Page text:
This year, PAX AUS was dominated by esports.
The exhibit floor was awash with tournaments, player meet and greet sessions, merchandise, and casual games. Everyone was chasing the high of a chicken dinner, a victory royale or a GGWP. Everyone that is, except for a handful of university students. They were chasing a plain old victory and the cash prize that accompanied it.
Beats Fan Club, a League of Legends team comprised of five university students, had traveled to PAX AUS to compete in the University Esports League (UEL) finals. Backed by a range of sponsors, the UEL gives Australian TAFE and University students the opportunity to compete in League of Legends, Overwatch or Counter-Strike: Global Offensive tournaments for cash prizes. Beats Fan Club was very familiar with the UEL – they won the League of Legends tournament last year.
Gian “Styled” Leon, who plays in the bot lane for Beats Fan Club, was confident the team would repeat their success. “When we entered this tournament, we knew that anything but winning would be a bad result,” he said.
Given the resumes of the individual team members, it is hard to disagree with Gian’s prediction. David “Beats” Nguyen-Dang and Michael “Minhcam” Cam, who play in the top lane and jungle respectively, competed for Chiefs Academy in the 2019 Oceanic Challenger Series; Gian competed for Avant Academy; mid-laner James “Halo” Giacoumakis competed for Mammoth Academy, and Support player Jordan “Kpop” Hazeltine has competed for a range of OCS teams since early 2017. Once rivals on the rift, now a mere best-of-three series stood in their way of a joint victory, a novelty check, and a trophy.
Their experience as competitors gave Beats Fan Club an edge over their opponents, but it wasn’t as easy as walking up to the enemy nexus and blowing it over. Prior to the finals, only Kpop and Beats had met face to face (such is the nature of online teams), and playing in a LAN tournament posed other unexpected challenges. “Playing on the ASUS/Hive stage with the casters yelling and the crowd right in front of us meant that we couldn’t hear each other,” recalls Gian.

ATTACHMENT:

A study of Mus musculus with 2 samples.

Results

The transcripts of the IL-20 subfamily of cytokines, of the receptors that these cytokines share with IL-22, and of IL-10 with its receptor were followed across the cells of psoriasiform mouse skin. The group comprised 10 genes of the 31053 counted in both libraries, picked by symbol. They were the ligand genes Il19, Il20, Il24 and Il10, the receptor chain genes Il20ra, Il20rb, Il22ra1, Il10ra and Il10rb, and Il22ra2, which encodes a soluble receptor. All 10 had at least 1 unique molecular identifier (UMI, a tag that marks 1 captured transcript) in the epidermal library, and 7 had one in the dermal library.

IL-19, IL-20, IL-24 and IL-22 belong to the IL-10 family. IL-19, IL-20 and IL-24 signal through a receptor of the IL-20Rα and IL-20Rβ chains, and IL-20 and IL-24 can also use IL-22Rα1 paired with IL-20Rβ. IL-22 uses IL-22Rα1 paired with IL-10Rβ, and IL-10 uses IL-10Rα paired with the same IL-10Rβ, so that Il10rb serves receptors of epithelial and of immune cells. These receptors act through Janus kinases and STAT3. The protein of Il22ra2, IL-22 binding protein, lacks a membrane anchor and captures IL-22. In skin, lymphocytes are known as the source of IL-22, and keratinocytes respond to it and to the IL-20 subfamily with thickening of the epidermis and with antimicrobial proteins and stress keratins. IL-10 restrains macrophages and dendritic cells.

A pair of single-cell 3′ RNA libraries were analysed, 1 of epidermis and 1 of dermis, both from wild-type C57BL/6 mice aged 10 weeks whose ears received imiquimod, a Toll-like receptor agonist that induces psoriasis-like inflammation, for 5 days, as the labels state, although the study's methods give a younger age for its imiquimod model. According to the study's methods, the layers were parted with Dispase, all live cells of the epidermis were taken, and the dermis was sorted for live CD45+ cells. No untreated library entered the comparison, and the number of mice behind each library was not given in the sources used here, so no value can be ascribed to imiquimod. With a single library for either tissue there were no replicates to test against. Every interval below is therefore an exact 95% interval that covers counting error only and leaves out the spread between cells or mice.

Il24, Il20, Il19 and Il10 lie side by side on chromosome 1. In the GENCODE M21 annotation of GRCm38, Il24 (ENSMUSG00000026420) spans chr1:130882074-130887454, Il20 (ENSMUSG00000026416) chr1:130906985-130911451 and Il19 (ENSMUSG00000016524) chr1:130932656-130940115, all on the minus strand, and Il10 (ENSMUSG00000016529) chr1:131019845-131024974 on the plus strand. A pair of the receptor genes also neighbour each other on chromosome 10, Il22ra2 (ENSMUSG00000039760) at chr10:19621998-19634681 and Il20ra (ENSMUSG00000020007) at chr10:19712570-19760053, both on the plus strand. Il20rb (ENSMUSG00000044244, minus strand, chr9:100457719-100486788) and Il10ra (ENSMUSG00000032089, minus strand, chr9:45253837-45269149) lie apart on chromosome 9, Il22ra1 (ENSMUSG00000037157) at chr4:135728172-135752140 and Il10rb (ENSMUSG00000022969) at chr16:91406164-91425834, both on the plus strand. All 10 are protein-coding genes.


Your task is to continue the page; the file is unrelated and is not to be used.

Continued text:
The ability to keep your emotions in check and cope with pressure is critical to success in League of Legends. This is something that Curtin University student, Gian understands well. “I don’t usually feel too much pressure when I’m playing on stage or in front of a crowd,” he says. “However, the fact that we couldn’t communicate effectively during the game was really problematic. This tilted us and was the reason we lost the first game.”
In qualifying, the team didn’t lose a series, and they were not about to start now. Relying on their individual skill as competitors, the team were able to bounce back to a two to one victory. For the second year in a row, Beats Fan Club earned the title of UEL Champions.
For these five players, the UEL provided an opportunity to hone their skills during the competitive off-season. Gian views every tournament experience as an opportunity to grow. “Every tournament is a stepping stone. For example, the OCS is a stepping stone into the OPL,” he explains. “Hopefully I can perform well individually and I can perform well as part of a team in the OCS next year… and then, who knows…”
“The thrill of competition and that strive for perfection keeps me going, but it’s also about balance. For me, it’s all about keeping a schedule – University in the morning and League at night.”
Like a typical Uni student, Gian assures me that the $1200 cash prize would be spent on food. And RP. It’s all about balance.